Lifestyle

Ohio Bill Copies Texas’ Abortion Ban—And Takes It Even Further


While the Supreme Court deliberates on whether SB 8 is legal, the GOP-led state is on the vanguard of states rushing in to severely control and limit life choices for pregnant people and people who can get pregnant. They get around Roe v. Wade, which protects a person’s freedom to choose to have an abortion without — and this is the clincher — excessive government restriction — by having citizens report people they suspect of either getting an abortion or aiding abortions.

You know, for a party that claims they’re all about freeing us from a totalitarian state and drums up jingoism by stirring up anti-Russian and anti-China sentiments, they’re really all about that social control in the very same vein they attribute to “commies” and “socialists.” It makes a person wonder if it’s not necessarily the structure they’re against — and more so who holds the power.

What you need to know about the Ohio bill

Even though Texas made zero exceptions for rape, incest, or sexual abuse, at least SB 8 allows for abortions before a heartbeat is detectable (which is generally before most pregnant people know they’re pregnant, so that’s practically worthless, but still).

No such concessions for Ohio! They take the sadism of “pro-life” to its logical conclusion!

They want to use this same citizen reporting to enforce a ban on all abortions, allowing private citizens to sue anyone who facilitates any abortion, and receiving at least $10,000 in damages should they prevail in a court of law. The law also empowers citizens to sue anyone who impregnates a person who has an abortion “through an act of rape, sexual battery, gross sexual imposition” or other criminal activities. (But, you know, no abortions for people who get impregnated by these illegal acts such as incest, rape, or sexual abuse. That would be merciful and kind — characteristics the anti-abortion side does not recognize or inhabit.)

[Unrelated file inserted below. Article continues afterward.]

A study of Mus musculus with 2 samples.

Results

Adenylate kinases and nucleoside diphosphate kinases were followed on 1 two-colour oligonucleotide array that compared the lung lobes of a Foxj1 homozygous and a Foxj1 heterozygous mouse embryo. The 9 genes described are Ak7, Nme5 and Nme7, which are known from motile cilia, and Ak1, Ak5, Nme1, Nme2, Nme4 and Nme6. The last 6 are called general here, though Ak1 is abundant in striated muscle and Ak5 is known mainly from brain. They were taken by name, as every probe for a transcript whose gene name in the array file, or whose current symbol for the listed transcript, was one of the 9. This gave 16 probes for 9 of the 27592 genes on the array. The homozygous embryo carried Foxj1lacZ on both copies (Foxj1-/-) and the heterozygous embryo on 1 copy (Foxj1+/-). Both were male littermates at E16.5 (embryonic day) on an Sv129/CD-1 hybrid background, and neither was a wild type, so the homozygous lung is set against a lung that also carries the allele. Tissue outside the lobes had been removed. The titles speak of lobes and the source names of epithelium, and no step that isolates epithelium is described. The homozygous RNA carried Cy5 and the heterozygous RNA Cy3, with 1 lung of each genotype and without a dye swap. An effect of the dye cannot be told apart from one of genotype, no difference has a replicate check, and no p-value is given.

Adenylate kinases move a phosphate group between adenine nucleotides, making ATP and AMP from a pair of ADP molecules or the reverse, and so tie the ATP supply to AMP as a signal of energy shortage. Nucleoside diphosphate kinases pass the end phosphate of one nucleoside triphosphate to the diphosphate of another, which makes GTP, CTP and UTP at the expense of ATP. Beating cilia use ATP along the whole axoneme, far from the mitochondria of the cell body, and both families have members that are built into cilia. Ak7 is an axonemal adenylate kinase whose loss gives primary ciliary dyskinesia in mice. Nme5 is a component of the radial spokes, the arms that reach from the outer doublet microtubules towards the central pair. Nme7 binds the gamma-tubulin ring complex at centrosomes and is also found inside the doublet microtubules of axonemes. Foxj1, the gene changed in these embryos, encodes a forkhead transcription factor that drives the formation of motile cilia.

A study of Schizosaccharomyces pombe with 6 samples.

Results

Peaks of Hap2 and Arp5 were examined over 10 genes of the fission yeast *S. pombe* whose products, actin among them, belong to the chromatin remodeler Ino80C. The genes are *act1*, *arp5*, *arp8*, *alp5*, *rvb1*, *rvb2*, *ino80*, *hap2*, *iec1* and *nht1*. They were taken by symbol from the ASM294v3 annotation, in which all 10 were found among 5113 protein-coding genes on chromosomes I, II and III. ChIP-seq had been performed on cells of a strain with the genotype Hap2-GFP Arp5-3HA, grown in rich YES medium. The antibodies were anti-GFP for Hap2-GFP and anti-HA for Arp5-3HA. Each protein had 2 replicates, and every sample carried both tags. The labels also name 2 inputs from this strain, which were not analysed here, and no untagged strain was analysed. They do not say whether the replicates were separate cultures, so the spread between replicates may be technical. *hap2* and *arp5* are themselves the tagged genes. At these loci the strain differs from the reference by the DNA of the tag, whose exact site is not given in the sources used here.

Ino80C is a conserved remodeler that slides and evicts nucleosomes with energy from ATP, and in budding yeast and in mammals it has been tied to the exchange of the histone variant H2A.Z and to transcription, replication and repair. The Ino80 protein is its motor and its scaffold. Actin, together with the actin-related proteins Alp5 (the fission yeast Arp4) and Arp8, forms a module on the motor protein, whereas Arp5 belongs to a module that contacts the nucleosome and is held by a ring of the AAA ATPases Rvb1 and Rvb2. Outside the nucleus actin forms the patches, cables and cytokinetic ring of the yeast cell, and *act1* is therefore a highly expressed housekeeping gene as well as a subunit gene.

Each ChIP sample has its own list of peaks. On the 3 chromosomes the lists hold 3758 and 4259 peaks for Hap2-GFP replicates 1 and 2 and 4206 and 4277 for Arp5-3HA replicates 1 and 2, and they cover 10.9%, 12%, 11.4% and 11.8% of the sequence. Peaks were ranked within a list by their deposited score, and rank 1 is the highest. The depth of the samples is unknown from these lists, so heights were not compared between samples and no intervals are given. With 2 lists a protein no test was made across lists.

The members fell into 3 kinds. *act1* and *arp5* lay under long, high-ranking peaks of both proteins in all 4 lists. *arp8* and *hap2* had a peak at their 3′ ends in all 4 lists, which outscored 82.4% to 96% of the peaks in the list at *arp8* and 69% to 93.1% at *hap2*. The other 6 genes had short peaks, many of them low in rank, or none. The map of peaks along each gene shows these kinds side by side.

I suppose we should be grateful they allow for abortions when the pregnant person’s life is endangered but I have a bridge to sell you if you think any of us are grateful.

What states are next?

Lest we place all our hatred, fury, and grief on Ohio, Texas, or Florida, other red states are like, “Hold my beer.”

Arkansas State Sen. Jason Rapert and Missouri state Rep. Mary Elizabeth Coleman (may they be the terminus of their genetic material) have informed the public they each intend to introduce legislation copying SB 8 in their respective states in the upcoming months.

They will be joined in vileness by lawmakers in states including Indiana, Mississippi, North Dakota, and South Dakota. Pro-abortion rights Guttmacher Institute predicts at least 14 states (e.g.: Alabama, Georgia, Idaho, Iowa, Kentucky, Louisiana, Oklahoma, South Carolina, and Tennessee) would likely introduce legislation similar to Texas and at least 26 states that would ban abortion outright should Roe v. Wade be overturned.

In case you’re not into math-ing, I’d like to point out that this is approximately 33% of the U.S. that may introduce such restrictive abortion legislation — and over half of the U.S. if Roe v. Wade is gone.

Why this is a dangerous precedent

Does this even need to be stated? Beyond the obvious of severely impugning (yes, as in attacking) the rights of people to have access to safe and legal abortions without undue interference from the government for whatever reason — including rape, incest, sexual abuse, and physical or mental health — SB 8 and copycat laws will have far-reaching consequences.

If the Supreme Court upholds SB 8, we may see the lawsuit provision — essentially the deputization of private citizens to enforce the law — crop up in other issues like gun control or same-sex marriage.

Couple this with the endemic Karen-ness of white folks and the pervasive sense of entitlement white people have about policing POC — and really, any-fucking-one but especially Black bodies — we have a really fucking big problem. As if being a Black or brown person in the U.S. wasn’t already terrifying enough, you have this sort of state sanctioned vigilantism codified into law.

Encouraging citizens — and remember, this includes your family and friends — to nark on each other destroys trust, eating away at relationships. Republicans are voluntarily introducing this poison pill into our free and open society; they welcome the very totalitarian state they decry with open arms and legs.

Big Brother is watching — it is already here.